This was the theme of an illustration conference I attended on Thursday and, to be honest, it took me a while to work out what was meant by it.
Perhaps a more straight-forward term might be 'artistic integrity', because the conference revolved around the extent to which illustrators, whose work is by definition commissioned and art-directed by a client, can maintain their own 'voice' within the work they produce and to what extent we need to sustain private, non-commissioned work, to keep sight of who we are as creatives.
There were two illustrators speaking: Simon Spilsbury, whose work you will remember from the recent Cobra ads, and Andrew Foster, who caused some controversy with his commission to paint the windows at Liberty (top image).
It was particularly interesting to watch Simon drawing on the spot for us, explaining how his ideas evolve, starting with quick, simple sketches, which then spark visual associations, and suggest ways to link two different concepts together in a single image, as with this Comedy Festival poster.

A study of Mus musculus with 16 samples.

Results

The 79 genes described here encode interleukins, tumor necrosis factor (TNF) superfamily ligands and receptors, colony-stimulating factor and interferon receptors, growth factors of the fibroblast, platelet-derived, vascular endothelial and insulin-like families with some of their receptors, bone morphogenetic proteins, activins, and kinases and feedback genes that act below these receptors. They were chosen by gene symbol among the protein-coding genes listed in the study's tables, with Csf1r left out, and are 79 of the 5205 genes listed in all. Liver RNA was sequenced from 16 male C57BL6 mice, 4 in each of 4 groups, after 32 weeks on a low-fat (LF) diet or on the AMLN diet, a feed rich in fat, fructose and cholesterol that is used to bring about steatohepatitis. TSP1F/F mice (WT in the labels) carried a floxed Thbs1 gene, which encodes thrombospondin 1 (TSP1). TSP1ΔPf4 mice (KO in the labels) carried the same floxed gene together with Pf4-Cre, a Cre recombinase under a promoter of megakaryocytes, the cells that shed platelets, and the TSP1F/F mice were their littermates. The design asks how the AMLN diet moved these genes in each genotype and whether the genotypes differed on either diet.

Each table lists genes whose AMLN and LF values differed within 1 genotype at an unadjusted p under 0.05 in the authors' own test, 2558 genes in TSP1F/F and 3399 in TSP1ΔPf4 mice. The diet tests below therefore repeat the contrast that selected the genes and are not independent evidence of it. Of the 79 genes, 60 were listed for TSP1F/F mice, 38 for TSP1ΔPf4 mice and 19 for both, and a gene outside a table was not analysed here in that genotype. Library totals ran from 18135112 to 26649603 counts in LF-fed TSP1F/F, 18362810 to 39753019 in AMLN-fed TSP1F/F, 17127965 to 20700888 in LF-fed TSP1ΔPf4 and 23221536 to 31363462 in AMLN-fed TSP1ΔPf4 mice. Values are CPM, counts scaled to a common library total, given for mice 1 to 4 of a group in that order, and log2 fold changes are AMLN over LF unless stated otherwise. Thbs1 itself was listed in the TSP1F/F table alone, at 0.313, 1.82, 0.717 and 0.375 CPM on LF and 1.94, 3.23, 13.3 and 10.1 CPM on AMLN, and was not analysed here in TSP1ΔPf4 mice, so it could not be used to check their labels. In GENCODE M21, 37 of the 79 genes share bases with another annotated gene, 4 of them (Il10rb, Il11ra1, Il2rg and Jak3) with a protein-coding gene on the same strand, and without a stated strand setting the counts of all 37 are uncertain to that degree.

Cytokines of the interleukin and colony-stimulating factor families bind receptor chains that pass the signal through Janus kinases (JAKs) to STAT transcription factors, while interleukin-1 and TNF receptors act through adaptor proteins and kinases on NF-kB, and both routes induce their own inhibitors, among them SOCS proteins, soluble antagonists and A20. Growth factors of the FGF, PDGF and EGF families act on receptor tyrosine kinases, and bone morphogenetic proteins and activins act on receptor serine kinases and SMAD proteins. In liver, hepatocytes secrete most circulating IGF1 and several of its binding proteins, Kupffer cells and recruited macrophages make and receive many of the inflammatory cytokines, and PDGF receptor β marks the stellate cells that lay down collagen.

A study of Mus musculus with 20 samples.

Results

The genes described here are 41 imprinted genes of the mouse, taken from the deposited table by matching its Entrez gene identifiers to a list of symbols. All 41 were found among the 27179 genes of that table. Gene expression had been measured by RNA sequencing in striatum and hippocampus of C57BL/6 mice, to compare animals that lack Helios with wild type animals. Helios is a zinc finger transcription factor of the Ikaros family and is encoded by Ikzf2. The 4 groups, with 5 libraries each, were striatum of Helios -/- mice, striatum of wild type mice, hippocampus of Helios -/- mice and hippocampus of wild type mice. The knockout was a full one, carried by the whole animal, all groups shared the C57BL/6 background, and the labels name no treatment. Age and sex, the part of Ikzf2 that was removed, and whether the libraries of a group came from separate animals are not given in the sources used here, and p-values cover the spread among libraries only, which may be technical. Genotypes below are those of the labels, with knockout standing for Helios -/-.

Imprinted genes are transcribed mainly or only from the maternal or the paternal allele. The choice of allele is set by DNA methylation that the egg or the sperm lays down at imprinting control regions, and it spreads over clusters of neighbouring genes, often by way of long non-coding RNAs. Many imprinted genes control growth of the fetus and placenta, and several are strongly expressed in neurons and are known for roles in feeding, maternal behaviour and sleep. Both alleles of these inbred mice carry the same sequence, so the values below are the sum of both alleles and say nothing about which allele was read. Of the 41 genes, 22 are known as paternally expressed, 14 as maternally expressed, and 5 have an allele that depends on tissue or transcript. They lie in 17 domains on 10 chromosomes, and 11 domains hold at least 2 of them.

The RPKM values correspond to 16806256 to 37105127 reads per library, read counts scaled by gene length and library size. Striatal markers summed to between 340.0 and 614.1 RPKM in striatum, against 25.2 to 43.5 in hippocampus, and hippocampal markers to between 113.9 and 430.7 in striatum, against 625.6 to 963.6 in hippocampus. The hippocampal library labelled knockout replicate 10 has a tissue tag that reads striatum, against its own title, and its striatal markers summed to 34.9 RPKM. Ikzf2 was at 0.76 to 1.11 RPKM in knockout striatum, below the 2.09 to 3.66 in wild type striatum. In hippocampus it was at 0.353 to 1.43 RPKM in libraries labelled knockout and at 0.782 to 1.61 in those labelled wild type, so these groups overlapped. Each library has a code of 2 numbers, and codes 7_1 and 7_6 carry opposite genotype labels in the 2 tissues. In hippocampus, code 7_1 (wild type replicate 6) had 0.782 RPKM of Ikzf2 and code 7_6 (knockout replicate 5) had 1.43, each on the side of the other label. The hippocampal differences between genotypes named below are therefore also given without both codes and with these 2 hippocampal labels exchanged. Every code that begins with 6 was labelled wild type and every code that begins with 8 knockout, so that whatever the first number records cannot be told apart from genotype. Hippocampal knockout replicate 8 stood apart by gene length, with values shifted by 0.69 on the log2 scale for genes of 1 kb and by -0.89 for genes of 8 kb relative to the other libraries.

A third speaker was Ben Cox from the CIA - no, not that CIA, but the Central Illustration Agency, who represent a vast and diverse range of illustrators, from Carol Lawson (above) to David Hughes (one my personal favourites):
It was lovely to be allowed to sit all day and be bombarded by a continuous stream of exciting illustrative images, and the debate afterwards was thought-provoking and hopefully inspiring to the many illustration students in the audience.
The conference was the first one arranged by Frazer Hudson, editorial illustrator and lecturer at Hallam University, but plans are already underway for next year's, so it looks set to become a regular feature on the calendar.